In prior alerts, we discussed local practices and emerging trends in the Western District of Texas—now the busiest court in the country for patent cases. For example, in October 2020, we looked at motions to transfer (the granting of which was quite uncommon in Judge Albright’s court at the time) and trial outcomes (on which there was not much to report as the first case was just being heard).
Six months later, we see some movement on both fronts.
WDTX Motions to Transfer
Judge Albright’s reluctance to transfer cases out of the Western District of Texas has not gone unnoticed by the Federal Circuit. Writs of mandamus are considered extraordinary and rare. But since November 2020, the Federal Circuit has granted four petitions for mandamus regarding motions to transfer out of the Western District of Texas. Moreover, in considering the petitions for mandamus, the Federal Circuit has become increasingly critical of Judge Albright’s handling of inter-district transfer motions.
A common complaint in defendants’ petitions is that fully submitted motions to transfer languish for months as cases proceeded on the merits. Indeed, in a recent decision on a petition for mandamus, the Federal Circuit stated the “the district court’s handling of the transfer motion up until this point in the case has amounted to egregious delay and blatant regard for precedent.”i In that case, the Federal Circuit ordered a stay in all other proceedings pending resolution of the motion to transfer. In another case a month later, the Federal Circuit granted mandamus, once again ordering the case stayed until a transfer motion was decided,ii further noting that the district court cannot delay resolution of a transfer motion and then rely on familiarity with a case gained during that delay as a factor against transfer. Judge Albright subsequently denied the motion to transfer, but the movant petitioned for mandamus a second time, on the merits of its transfer motion, and that petition was also granted, with the Federal Circuit concluding that “the district court clearly abused its discretion in denying transfer under § 1404(a).”iii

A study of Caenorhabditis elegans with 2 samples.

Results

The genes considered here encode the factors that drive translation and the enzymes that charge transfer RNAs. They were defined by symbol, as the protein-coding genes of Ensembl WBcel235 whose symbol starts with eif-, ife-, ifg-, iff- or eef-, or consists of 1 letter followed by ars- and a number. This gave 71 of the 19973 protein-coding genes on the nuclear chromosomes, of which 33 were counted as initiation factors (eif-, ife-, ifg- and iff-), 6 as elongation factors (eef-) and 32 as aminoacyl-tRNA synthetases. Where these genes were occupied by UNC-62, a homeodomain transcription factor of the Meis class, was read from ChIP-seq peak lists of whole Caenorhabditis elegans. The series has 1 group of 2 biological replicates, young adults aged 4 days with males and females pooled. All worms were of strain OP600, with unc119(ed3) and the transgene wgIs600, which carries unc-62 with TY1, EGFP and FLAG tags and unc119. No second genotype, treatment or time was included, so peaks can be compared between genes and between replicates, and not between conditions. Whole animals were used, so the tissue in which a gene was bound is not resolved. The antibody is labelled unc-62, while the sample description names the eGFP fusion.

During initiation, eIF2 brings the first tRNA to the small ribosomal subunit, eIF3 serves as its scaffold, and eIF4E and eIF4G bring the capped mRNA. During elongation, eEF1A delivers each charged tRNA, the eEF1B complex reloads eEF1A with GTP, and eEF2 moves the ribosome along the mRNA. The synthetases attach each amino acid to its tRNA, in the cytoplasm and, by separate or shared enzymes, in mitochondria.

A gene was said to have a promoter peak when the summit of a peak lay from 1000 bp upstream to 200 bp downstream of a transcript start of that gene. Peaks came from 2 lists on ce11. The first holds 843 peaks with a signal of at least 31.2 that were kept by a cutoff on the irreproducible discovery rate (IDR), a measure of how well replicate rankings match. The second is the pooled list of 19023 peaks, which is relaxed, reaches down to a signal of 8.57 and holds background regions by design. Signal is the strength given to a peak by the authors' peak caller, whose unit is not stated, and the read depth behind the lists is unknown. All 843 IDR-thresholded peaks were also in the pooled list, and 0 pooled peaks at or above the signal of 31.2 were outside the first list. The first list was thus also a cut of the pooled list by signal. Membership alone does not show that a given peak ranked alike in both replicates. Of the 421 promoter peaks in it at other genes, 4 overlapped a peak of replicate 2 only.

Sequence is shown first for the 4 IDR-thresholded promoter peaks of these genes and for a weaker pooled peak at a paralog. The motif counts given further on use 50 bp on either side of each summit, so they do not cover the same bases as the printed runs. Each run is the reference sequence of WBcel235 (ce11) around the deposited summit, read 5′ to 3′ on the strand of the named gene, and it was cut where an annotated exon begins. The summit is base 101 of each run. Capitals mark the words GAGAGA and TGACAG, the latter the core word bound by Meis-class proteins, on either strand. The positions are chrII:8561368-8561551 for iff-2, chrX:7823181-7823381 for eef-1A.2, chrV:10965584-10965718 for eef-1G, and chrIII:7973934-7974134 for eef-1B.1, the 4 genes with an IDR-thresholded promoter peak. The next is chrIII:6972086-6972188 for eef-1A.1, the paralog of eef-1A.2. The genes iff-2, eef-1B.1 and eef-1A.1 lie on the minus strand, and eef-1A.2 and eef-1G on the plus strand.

In response to the Federal Circuit’s criticism about some delays in deciding transfer motions, Judge Albright issued a standing order regarding motions for inter-district transfer.iv This order directs the moving party to provide a status report indicating the motion is fully submitted and ready for resolution no later than six weeks prior to the claim construction hearing. The order also indicates the motion to transfer will be resolved prior to the scheduled date of the claim construction hearing, or the claim construction hearing will be postponed. The Federal Circuit has since cited Judge Albright’s order with approval in a recent denial of a petition for mandamus.v
While Judge Albright may still be inclined to exercise his discretion to maintain a case in the Western District of Texas, his new standing order should ensure the motions are heard earlier in the proceedings.
Judge Albright presided over his first jury trial in a patent case in October 2020. That case resulted in a defense verdict. Since then, there have been three more jury trials in Waco—an eye-popping verdict for a plaintiff, exceeding $2 billion, followed by two more defense verdicts.
Given the fact-specific nature of patent cases and the limitless variables that make up a jury verdict, four cases do not provide enough data to establish a trend, but the early returns will certainly provide some comfort to defendants who choose to take their case to a jury.
The WDTX is continuing to draw large numbers of new patent cases and there is no indication of that trend slowing. Judge Albright, a relatively new district court judge, but experienced magistrate judge and patent trial lawyer, continues to embrace the role of his court as a patent litigation destination and adapt his rules and practices to address concerns from the Federal Circuit. Although the sample size is small, juries in Waco seem balanced and have yet to demonstrate a clear leaning toward plaintiffs or defendants. In general, the Western District of Texas continues to develop as a level playing field with well-defined rules of the game.
View full article HERE on the Hunton Andrews Kurth website.